Gov. Brian Sandoval expressed confidence Sunday that he’ll be able to work well with a more conservative Legislature, although he said he may need to tweak his plans for major tax reform with new GOP lawmakers in mind.
“The dynamics have changed because of the election,” Sandoval said, speaking to reporters after wrapping up a two-day winter meeting of the Western Governors Association in Las Vegas.
About nine or 10 legislators have signed pledges not to raise taxes, making Sandoval’s promise to find more revenue to boost education spending more challenging.
He could propose getting rid of some tax breaks and exemptions to find more money, or offer conservative lawmakers long-sought education reforms in exchange for supporting new taxes, especially if the governor allows some existing levies to expire.
Many of those who signed the no tax hike pledges are among newcomers in the Assembly who won election Nov. 4 thanks to a GOP wave of voter support that put Republicans in charge of Nevada government.
Sandoval, a Republican, easily won re-election. But the GOP also took over majority control of the Nevada Senate and Assembly as well as winning all the top constitutional offices that run the state government.
Incoming state Senate Majority Leader Michael Roberson, R-Las Vegas, has vowed to support Sandoval’s spending plans during the upcoming legislative session, which begins in early February. The GOP has a slim one seat advantage over Democrats, or 11-10 seats.
The 42-seat Assembly, however, is about evenly divided between moderates open to tax reforms and conservatives who have won leadership roles and have expressed opposition to new taxes.
The GOP holds 25 seats compared to 17 seats held by Democrats.
The incoming GOP caucus leader and presumed Assembly Speaker, Assemblyman John Hambrick, R-Las Vegas, has said he’s open to tax reform, however, making the upcoming session unpredictable and more difficult for Sandoval to navigate and Hambrick to lead.
Sandoval said Republicans need to show they can govern or face the prospect of losing election in two years and control of the Legislature.
“If they go too far, they’re not going to be the speaker and the majority leader two years from now,” Sandoval said. “They’re not going to be chairmen and chairwomen of various committees. … It’s not just about them. It’s about Nevada.”
“We’re in a very critical time in our state,” he added. “It’s about solutions and working together and letting people know we can get things done.”
Sandoval’s comments came after a governor’s policy round table discussion during he and four other GOP governors addressed challenges ahead in light of Republican success in the Nov. 4 election. Sandoval is chairman of the nonpartisan governor’s group.
Reid Wilson, a Washington Post reporter who covers state government and politics, moderated the forum. The meeting was held at the Four Seasons.
In Washington, Republicans also won majority control of the U.S. Senate and made gains in the House, which already was led by the GOP.
Utah Gov. Gary Herbert said voters are tired of Washington gridlock and want to see more bipartisan solutions. He said states are leading the way in innovation and the federal government shouldn’t stand in their way.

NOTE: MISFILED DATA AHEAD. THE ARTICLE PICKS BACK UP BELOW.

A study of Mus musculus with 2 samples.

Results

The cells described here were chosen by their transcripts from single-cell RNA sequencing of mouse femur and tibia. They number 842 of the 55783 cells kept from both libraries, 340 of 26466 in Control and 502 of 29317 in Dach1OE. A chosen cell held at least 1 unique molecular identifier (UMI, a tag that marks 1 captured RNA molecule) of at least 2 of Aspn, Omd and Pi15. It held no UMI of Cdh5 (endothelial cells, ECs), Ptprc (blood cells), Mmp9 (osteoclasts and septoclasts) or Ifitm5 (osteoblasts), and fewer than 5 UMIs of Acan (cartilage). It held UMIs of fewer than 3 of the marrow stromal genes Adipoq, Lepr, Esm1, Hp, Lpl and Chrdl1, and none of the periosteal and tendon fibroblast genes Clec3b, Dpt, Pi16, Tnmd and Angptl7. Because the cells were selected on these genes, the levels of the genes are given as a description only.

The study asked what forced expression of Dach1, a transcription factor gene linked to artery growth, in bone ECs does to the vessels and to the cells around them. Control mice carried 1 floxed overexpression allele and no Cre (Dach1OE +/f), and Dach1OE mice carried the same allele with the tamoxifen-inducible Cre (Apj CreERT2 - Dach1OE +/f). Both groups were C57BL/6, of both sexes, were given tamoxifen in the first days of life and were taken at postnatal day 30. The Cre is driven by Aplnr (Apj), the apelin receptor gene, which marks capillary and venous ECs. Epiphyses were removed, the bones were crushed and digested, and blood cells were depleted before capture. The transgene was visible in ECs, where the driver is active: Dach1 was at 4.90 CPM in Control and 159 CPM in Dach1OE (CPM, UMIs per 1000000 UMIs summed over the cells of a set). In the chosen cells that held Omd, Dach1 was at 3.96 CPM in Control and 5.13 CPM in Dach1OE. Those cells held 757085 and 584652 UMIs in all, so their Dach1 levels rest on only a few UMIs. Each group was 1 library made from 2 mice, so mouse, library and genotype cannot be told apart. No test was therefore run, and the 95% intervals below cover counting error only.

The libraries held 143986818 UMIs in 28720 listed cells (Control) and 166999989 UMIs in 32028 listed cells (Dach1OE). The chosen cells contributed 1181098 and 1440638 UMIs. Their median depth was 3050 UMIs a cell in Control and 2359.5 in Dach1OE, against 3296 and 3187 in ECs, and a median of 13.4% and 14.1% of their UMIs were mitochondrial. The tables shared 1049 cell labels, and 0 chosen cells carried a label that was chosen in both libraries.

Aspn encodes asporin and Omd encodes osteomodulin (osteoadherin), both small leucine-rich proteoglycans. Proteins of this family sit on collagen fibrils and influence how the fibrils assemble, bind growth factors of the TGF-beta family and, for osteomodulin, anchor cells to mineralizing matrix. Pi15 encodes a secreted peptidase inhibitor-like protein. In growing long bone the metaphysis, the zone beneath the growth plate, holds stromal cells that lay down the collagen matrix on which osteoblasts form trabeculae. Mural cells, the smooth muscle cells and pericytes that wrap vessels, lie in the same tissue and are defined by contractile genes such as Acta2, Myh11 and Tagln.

“We need to bring back the concept of federalism,” Herbert said, noting that the states created the centralized federal government and not the other way around. “There’s got to be a renewed appreciation of the role of the states. We do innovate. We do create. And when we fail, we fail in our own states. We don’t screw up the whole country.”
“The states are the best hope for America,” Herbert added.
Sandoval said it’s too soon to say whether his budget proposal will extend a $600 million-plus package of taxes that are scheduled to sunset.
Also, he said he’s just now hashing out what sort of tax reforms he will propose with the support of major Nevada industries, including gaming, mining and retailers who have blocked tax hikes in the past.
“I’ve got to make some decisions in the next few days,” Sandoval said.
The governor is building his final spending plan after the economic forum last week estimated there will be about $6.3 billion to spend on public education and state programs in the upcoming 2015-17 state budget. That’s about $1 billion short of agency requests, prompting Sandoval to tell agency chiefs to submit new, lower budget proposals.
Time is running short, Sandoval said. He delivers his inaugural address Jan. 5 in Carson City when new government leaders are sworn in. He’s scheduled to deliver his State of the State address on Jan 15, when he’ll also unveil his two-year spending plan and deliver it to the Legislature.
Sandoval said he has already met with most of the legislative leaders. He said he’s been delivering the same message he did election night.
“My message election night was, ‘Let’s get to work,’ ” Sandoval said. “We can accomplish great things. We can improve education. We can improve health care. We can continue to broaden our economy.”
Sandoval said he was surprised at the depth of the GOP wave, which helped several candidates win unexpected victories.
“There are a lot of people who got elected in Nevada who didn’t expect it,” he said. “And I didn’t expect it either.”
He said he’s eager to work with the newcomers, although he added that there will be a steep learning curve during the 120-day legislative session.
“There’s going to be a lot of education to do,” Sandoval said. “There’s a very narrow window to demonstrate that they can lead, that we can lead.”
Contact Laura Myers at email@example.com or 702-387-2919. Follow @lmyerslvrj on Twitter.